The struggle of the Southern Sudanese people is captured through the story of one man and his family and their journey to a new life in Melbourne

Directed by: Dimitris Komninoglou
Produced: Casey Norton
Edited: Terri Dentry
Sound: Peter Byrne
Year: 2005
Running Time: 10’00

This is the story about the plight of the extraordinary peoples of Southern Sudan. It is about the irony of the situation where around a dozen Sudanese African refugees have been employed at a caravan manufacturing plant in industrial Campbellfield, 20 km north of Melbourne. Refugees from the Dinka, Nuer, Shilluk, Jur, Nuba and other tribes. Tribes that were once nomadic or semi-nomadic as they roamed the vast lands of Central Africa, in harmony with the changing patterns and seasons, in worlds largest swamp.

It is about the people so beautifully captured by Leni Riefenstahl and other photographers only a few decades ago. A peoples full of strength and vitality, proud and noble until they were decimated by the arrival of the Europeans, the Arabs, Islam and Christianity, Socialism and capitalism. Wars which have left millions dead and millions displaced.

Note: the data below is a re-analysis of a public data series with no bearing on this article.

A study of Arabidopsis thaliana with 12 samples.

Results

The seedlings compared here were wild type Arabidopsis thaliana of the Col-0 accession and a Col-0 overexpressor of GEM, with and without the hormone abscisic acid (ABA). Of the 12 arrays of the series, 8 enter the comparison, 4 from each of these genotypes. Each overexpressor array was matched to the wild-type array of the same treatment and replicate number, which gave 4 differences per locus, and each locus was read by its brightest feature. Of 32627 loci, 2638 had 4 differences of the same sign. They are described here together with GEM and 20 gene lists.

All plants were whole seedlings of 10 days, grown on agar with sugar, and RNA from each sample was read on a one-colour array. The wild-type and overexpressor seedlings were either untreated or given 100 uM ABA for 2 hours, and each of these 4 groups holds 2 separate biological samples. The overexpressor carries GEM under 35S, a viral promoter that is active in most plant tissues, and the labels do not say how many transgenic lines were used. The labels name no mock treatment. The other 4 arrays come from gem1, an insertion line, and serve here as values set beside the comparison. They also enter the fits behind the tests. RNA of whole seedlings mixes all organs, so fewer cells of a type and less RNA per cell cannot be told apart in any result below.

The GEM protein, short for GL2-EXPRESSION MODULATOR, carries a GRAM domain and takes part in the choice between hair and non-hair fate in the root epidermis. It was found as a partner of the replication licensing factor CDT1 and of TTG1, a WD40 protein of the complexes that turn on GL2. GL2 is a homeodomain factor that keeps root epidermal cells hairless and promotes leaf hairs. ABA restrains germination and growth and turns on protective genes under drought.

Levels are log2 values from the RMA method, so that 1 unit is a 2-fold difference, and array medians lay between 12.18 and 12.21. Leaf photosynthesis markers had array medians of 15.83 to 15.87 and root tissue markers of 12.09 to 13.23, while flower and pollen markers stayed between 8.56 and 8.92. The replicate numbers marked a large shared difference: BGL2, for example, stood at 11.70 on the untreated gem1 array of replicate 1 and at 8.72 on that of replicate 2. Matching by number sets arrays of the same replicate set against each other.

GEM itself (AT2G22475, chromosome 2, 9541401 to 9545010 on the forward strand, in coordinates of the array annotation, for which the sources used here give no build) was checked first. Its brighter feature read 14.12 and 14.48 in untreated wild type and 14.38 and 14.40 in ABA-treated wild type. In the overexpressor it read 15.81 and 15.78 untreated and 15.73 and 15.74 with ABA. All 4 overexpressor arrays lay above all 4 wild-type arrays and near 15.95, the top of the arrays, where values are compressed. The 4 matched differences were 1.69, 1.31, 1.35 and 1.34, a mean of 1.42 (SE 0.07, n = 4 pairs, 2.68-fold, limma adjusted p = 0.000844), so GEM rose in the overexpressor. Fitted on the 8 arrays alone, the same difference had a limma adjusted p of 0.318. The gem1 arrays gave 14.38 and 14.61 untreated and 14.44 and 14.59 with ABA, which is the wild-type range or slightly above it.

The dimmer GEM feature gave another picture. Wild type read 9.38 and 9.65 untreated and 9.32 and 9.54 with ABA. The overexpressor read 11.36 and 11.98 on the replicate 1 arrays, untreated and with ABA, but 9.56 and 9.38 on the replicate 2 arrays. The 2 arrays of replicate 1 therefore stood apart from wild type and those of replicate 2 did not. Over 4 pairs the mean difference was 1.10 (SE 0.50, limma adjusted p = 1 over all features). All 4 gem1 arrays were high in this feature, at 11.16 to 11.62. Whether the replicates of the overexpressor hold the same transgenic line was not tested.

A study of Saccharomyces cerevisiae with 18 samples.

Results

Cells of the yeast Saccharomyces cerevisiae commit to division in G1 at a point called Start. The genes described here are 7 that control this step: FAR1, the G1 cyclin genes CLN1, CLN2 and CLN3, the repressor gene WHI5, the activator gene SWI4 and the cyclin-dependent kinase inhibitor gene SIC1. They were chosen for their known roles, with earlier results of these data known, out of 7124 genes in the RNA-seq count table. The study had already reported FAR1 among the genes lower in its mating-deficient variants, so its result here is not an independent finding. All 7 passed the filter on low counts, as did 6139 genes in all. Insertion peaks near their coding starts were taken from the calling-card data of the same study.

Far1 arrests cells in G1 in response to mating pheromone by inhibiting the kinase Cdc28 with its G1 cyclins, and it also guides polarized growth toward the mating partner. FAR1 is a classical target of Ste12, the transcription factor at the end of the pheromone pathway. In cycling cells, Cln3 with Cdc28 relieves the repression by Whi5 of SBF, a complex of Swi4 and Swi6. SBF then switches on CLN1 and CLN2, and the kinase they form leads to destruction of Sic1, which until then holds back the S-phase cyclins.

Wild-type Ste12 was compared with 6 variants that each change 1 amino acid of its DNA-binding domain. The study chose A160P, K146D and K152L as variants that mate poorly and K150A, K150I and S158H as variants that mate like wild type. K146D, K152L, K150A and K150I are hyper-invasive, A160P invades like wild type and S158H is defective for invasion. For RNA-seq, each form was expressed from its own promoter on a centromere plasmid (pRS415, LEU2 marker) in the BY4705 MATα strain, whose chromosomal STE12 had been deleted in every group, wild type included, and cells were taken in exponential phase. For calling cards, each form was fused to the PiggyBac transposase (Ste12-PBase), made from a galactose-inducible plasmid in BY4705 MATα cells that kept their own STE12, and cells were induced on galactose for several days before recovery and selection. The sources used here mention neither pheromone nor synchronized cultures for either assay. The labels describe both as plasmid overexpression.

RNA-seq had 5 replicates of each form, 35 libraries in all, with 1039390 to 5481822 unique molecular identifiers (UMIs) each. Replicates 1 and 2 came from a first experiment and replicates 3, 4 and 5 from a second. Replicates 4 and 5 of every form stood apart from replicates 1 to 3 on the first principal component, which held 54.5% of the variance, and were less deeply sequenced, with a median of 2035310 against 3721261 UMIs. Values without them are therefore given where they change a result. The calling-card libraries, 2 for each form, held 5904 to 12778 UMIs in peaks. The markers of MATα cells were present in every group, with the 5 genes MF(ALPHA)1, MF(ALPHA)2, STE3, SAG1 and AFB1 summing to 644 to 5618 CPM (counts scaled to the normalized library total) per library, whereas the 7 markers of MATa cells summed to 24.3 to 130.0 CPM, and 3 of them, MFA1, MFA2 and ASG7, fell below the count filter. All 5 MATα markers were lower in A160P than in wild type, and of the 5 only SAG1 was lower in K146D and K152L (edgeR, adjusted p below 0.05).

The nomads have been fighting for their lives where almost everything has been destroyed. And now around a dozen of these nomads, most of whom are traumatised thru their experience build the state of the art caravans, with every possible convenience built into them. To be bought by affluent white people in their quest to escape the modern cities in which they dwell and see the real Australia. A land whose own indigenous nomads have equally been destroyed.

Nomads was a student production made under the guidance of the wonderful team at OPENChannel.